By Juan Barquin
By Amy Nicholson
By Alan Scherstuhl
By Travis Cohen
By Juan Barquin
By Stephanie Zacharek
By Amy Nicholson
By Juan Barquin
Dumber than Dumb and Dumber, Pauly's latest exercise in pointless poppycock and narcissistic nonsense is the awesomely unfunny Jury Duty. The release marks Shore's fourth feature in as many years, a pace that ought to frighten the bejesus out of anyone considering writing about film for a living. The threat of having to review one Pauly Shore movie annually should weed out the dilettantes from collegiate "Intro to Film Criticism" classes. It ain't all Tarantino, baby.
The makers of Jury Duty hope desperately to cash in on O.J.mania, and to that end have loaded up their film with gratuitous A and pedestrian A references to the Trial. Pauly plays a twentysomething goof-off and aspiring male stripper with no discernible talent A a character not unlike Shore himself, in other words A who, through the usual inane plot contrivances, winds up one of twelve jurors seated in the trial of a man accused of brutally filleting a diverse menu of fast-food restaurant employees.
The film opens and closes with Pauly as a male stripper. (Apparently, figuratively mooning the audience by churning out such a pathetic excuse for a movie wasn't enough.) Sandwiched between the shots of Pauly's cheeks are the usual belabored high jinks. Pauly disrupts the trial in a variety of ways, each more puerile than the one preceding it. Watch Pauly fall asleep and crash to the floor! Watch Pauly try to pass a come-on note to obligatory love interest-babe Tia Carrere (who honed her chops playing the same incredibly demanding role in the two Wayne's World epics), only to have it land in the accused killer's hands instead! Watch Pauly dress in drag in an attempt to get the truth out of the defendant! Watch Pauly take it up the backside and like it!
Ho-ho, that Pauly. Finally, when he has worn out every half-baked gag and limp premise he and his writers could muster, the lovable buffoon saves the day, atones for all his tomfoolery, and wins over the girl by discovering and apprehending the real killer. Interestingly, the murderer turns out to be an overly enthusiastic environmentalist. Has Pauly, in keeping with the national trend, embraced conservative politics? If so, should we take Jury Duty as a harbinger of things to come? Can we look forward to Pauly doing battle with pesky civil rights workers or unprincipled welfare cheats in the future? You can bet the Gingrich camp is holding its breath.
Before you write off this criticism of his film as the ranting of just another snooty film critic with no appreciation for popular culture, you should know this: I was actually a fan of Totally Pauly when the show appeared on MTV back in 1990. The format suited him perfectly A tiny doses of his self-parodying, second-generation-hippie addleheadedness provided welcome respites from interminable blocks of macho headbangers. But the key was that you had to put up with him only in 30-second bites, not 90-minute marathons. You can get too much of a good thing; ask anyone who ever has had friends or relatives drop by for a visit and overstay their welcome. It's the same thing with Beavis & Butt-head A they're infinitely funnier introducing and ridiculing pompous crotch-rock videos than they are in episodic 30-minute sit-com-like installments.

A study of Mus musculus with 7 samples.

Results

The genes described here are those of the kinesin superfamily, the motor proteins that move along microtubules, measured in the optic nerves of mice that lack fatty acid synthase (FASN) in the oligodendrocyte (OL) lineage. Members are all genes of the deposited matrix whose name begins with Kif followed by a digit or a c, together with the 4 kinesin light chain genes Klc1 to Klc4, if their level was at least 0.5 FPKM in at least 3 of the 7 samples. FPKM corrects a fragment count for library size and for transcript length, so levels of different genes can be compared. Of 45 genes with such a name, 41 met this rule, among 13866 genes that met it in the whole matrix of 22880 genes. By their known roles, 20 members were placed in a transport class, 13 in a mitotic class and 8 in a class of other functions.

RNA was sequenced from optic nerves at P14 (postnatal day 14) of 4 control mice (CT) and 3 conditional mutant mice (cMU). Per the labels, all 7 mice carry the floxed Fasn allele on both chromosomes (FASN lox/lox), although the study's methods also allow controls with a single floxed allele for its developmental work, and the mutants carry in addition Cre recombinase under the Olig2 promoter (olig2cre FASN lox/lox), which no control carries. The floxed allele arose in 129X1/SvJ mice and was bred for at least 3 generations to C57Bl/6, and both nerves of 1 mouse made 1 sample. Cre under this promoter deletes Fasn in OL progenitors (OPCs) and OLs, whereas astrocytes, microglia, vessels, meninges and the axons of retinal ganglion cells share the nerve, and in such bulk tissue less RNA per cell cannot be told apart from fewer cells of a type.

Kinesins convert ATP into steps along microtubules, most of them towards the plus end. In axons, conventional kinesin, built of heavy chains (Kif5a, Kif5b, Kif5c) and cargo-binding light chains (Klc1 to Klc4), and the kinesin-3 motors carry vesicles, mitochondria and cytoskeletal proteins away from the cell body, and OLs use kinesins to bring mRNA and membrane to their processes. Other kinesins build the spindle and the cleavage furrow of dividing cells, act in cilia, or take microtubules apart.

Jury Duty commits the only unpardonable crime in show business: It's boring.
Add Pauly Shore's Jury Duty to the list of blatant cash grabs by TV comedians of dubious talent currently stinking up the local cineplex. It joins Billy Madison (Adam Sandler) and Tommy Boy (David Spade) as a roadkill trio, damning indictments of the sorry state of American popular culture as seen through the eyes of Hollywood. Stuart Saves His Family A like Wayne's World, Coneheads, and It's Pat before it, a three-minute Saturday Night Live sketch padded out to an hour and a half in length A looks like a droll masterpiece by contrast. But those two words A by contrast A are mighty important.
Al Franken reprises his shtick as lisping new-age self-help guru Stuart Smalley ("I'm good enough, I'm smart enough, and doggone it, people like me"). Franken, a long-time SNL contributor, has a keen ear for the convoluted gibberish and reassuring platitudes of the twelve-step generation; his movie jokes are dry and his delivery deadpan. Like Wayne and Garth, Stuart hosts a little-watched public-access TV show in Chicago. The film's plot is thin as fishing line: While Stuart none-too-serenely comes to grips with the news that his show has been canceled by a heartless station head, he attends the funeral of a favorite aunt, becomes enmeshed in a dispute with his dysfunctional family, and eventually pulls off the feat described in the film's title.
Stuart Saves His Family is far sharper and wittier than that brief synopsis might lead one to believe. Franken slices and dices with skill and precision. In fact his delivery is so droll that audiences trained to guffaw at the exaggerated, superficial idiocy of Sandler and Shore probably won't get it. Unfortunately, despite Franken's wit, there's no escaping the feeling that you're watching a 90-minute movie that should have been half as long. Stuart Saves His Family isn't for everyone; if you hated the sketch on Saturday Night Live, nothing here will convert you. But for filmgoers starved for comedy more sophisticated than pratfalls and fart jokes, Stuart Smalley may just have the answer.